Mike Pence says he ‘ignored’ Kim Jong-un’s sister at Olympics to send a message

Mike Pence, the US vice president, said he deliberately "ignored" the sister of Kim Jong-un at the Winter Olympics in South Korea.


He said: "I did not. I didn’t avoid her but I did ignore her. I didn’t believe it was proper for the United States of America to give any attention in that form to someone who is not merely the sister of a dictator but the leader of a propaganda unit."

He said people should remember the assassination of Kim Jong-Nam, Kim Yo-jong’s half brother who was killed with chemical weapons at Kuala Lumpur airport.

Mr Pence added: "This is a regime and a family that also ordered that their uncle be executed with artillery fire in front of 10,0000 people, and she is the leader of the propaganda unit of that regime. This is evil the likes of which we have witnessed rarely."

Kim Jong-un’s family tree

The vice president said he had wanted to send a message with his silence.

In wide-ranging comments during a public interview conducted by Axios, Mr Pence also said the US was open to talks with North Korea, but "talks" did not mean "negotiations".

He said the US would continue to intensify diplomatic and economic pressure on North Korea over its nuclear ambitions, but that sanctions would not be lifted until its nuclear programme was abandoned.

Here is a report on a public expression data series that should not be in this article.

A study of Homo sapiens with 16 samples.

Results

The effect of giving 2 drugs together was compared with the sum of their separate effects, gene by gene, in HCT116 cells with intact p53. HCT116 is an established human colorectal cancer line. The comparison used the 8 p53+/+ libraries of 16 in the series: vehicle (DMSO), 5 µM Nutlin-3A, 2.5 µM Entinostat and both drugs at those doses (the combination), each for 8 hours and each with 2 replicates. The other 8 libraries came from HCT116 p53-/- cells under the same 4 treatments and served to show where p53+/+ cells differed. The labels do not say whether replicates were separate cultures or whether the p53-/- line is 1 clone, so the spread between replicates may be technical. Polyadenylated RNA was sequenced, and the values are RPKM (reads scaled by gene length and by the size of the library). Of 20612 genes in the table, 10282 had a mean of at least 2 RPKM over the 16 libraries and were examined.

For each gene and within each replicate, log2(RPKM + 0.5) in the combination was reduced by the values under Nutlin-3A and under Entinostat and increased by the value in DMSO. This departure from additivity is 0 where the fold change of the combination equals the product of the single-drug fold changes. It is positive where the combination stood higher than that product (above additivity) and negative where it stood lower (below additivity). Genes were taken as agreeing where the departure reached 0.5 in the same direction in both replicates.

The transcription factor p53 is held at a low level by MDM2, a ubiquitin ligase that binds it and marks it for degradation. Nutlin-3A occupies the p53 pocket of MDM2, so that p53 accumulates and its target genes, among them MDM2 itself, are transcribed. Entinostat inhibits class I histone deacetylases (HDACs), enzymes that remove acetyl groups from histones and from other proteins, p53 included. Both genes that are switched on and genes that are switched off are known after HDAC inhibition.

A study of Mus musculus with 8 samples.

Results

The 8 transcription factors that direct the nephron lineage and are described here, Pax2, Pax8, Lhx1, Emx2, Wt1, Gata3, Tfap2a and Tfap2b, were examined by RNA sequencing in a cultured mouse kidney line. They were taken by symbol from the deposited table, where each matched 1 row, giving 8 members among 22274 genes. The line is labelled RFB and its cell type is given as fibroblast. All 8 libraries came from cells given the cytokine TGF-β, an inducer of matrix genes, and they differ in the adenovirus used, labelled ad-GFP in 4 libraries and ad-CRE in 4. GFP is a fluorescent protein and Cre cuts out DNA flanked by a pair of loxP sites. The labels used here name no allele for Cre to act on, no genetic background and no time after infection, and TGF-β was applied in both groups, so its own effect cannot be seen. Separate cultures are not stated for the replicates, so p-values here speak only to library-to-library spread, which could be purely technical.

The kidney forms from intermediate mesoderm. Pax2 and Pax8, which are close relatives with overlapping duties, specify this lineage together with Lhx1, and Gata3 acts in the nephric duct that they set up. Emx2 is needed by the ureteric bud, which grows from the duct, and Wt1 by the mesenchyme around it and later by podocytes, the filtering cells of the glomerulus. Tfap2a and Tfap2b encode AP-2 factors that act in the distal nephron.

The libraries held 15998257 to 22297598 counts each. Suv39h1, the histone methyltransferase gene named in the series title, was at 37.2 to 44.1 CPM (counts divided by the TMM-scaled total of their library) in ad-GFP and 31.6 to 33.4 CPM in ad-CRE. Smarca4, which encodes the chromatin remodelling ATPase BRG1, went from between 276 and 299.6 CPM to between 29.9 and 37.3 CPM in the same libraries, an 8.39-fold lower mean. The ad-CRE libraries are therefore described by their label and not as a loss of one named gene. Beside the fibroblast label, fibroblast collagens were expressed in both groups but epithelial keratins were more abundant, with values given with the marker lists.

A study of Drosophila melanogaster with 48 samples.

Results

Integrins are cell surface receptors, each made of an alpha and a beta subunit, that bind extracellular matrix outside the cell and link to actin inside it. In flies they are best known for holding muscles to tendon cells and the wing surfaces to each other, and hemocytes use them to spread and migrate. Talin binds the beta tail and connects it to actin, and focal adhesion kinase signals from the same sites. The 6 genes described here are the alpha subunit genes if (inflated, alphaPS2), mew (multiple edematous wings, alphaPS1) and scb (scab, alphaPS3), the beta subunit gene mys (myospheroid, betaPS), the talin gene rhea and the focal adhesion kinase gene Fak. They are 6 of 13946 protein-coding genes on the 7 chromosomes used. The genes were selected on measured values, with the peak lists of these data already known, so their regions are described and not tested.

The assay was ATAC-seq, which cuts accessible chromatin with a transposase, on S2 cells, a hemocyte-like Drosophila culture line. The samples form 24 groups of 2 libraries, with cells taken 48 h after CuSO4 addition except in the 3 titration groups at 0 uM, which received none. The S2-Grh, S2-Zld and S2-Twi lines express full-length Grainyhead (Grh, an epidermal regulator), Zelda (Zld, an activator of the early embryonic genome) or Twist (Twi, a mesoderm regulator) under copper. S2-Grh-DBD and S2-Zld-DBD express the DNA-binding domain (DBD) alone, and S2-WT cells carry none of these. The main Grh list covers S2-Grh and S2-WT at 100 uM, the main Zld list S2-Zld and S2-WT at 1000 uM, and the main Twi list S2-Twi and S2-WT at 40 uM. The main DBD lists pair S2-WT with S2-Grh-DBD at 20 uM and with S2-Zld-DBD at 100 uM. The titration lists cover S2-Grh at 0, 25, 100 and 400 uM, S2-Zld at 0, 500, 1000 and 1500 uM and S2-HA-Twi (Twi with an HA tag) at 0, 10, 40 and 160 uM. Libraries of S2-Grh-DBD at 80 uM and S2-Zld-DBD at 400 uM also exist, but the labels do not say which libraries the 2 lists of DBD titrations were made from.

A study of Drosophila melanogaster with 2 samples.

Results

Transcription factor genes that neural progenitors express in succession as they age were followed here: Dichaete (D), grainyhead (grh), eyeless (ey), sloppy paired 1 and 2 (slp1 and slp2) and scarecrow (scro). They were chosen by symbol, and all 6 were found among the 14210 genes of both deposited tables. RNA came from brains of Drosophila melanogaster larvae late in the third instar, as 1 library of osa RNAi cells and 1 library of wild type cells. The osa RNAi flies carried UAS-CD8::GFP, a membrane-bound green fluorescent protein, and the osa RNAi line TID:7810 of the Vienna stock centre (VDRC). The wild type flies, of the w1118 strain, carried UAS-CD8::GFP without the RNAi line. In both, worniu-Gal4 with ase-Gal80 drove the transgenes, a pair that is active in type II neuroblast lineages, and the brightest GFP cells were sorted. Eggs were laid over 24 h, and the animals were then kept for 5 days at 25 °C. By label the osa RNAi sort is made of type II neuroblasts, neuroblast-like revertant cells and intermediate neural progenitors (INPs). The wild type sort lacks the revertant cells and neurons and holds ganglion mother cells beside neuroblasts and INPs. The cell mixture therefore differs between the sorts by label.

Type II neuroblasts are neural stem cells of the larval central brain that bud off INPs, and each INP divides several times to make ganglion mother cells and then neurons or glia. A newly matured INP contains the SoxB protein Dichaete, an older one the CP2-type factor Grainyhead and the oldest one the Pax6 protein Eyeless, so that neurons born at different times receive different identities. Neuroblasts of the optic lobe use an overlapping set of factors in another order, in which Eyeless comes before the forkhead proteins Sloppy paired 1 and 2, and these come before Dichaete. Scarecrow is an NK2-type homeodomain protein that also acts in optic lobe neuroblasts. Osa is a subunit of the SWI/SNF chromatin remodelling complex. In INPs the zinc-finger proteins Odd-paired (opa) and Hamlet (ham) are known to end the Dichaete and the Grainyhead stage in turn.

Mr Pence also said the White House could have "handled better" a controversy over Rob Porter, the staff secretary who resigned after being accused of domestic abuse.

Winter Olympics 2018 opening ceremony: in pictures

The row engulfed the White House in recent days and undermined the standing of John Kelly, the chief of staff.

Mr Pence said he had "great confidence" in Mr Kelly. He added: "He has done a remarkable job as chief of staff and I look forward to continuing to work with him for many, many months to come." 

He said the Trump administration and the US intelligence community were discussing plans to prevent Russia from interfering in future elections.

Mr Pence said: "We have discussed plans going forward to ensure that meddling in our elections by Russian or other powers around the world will be rebutted."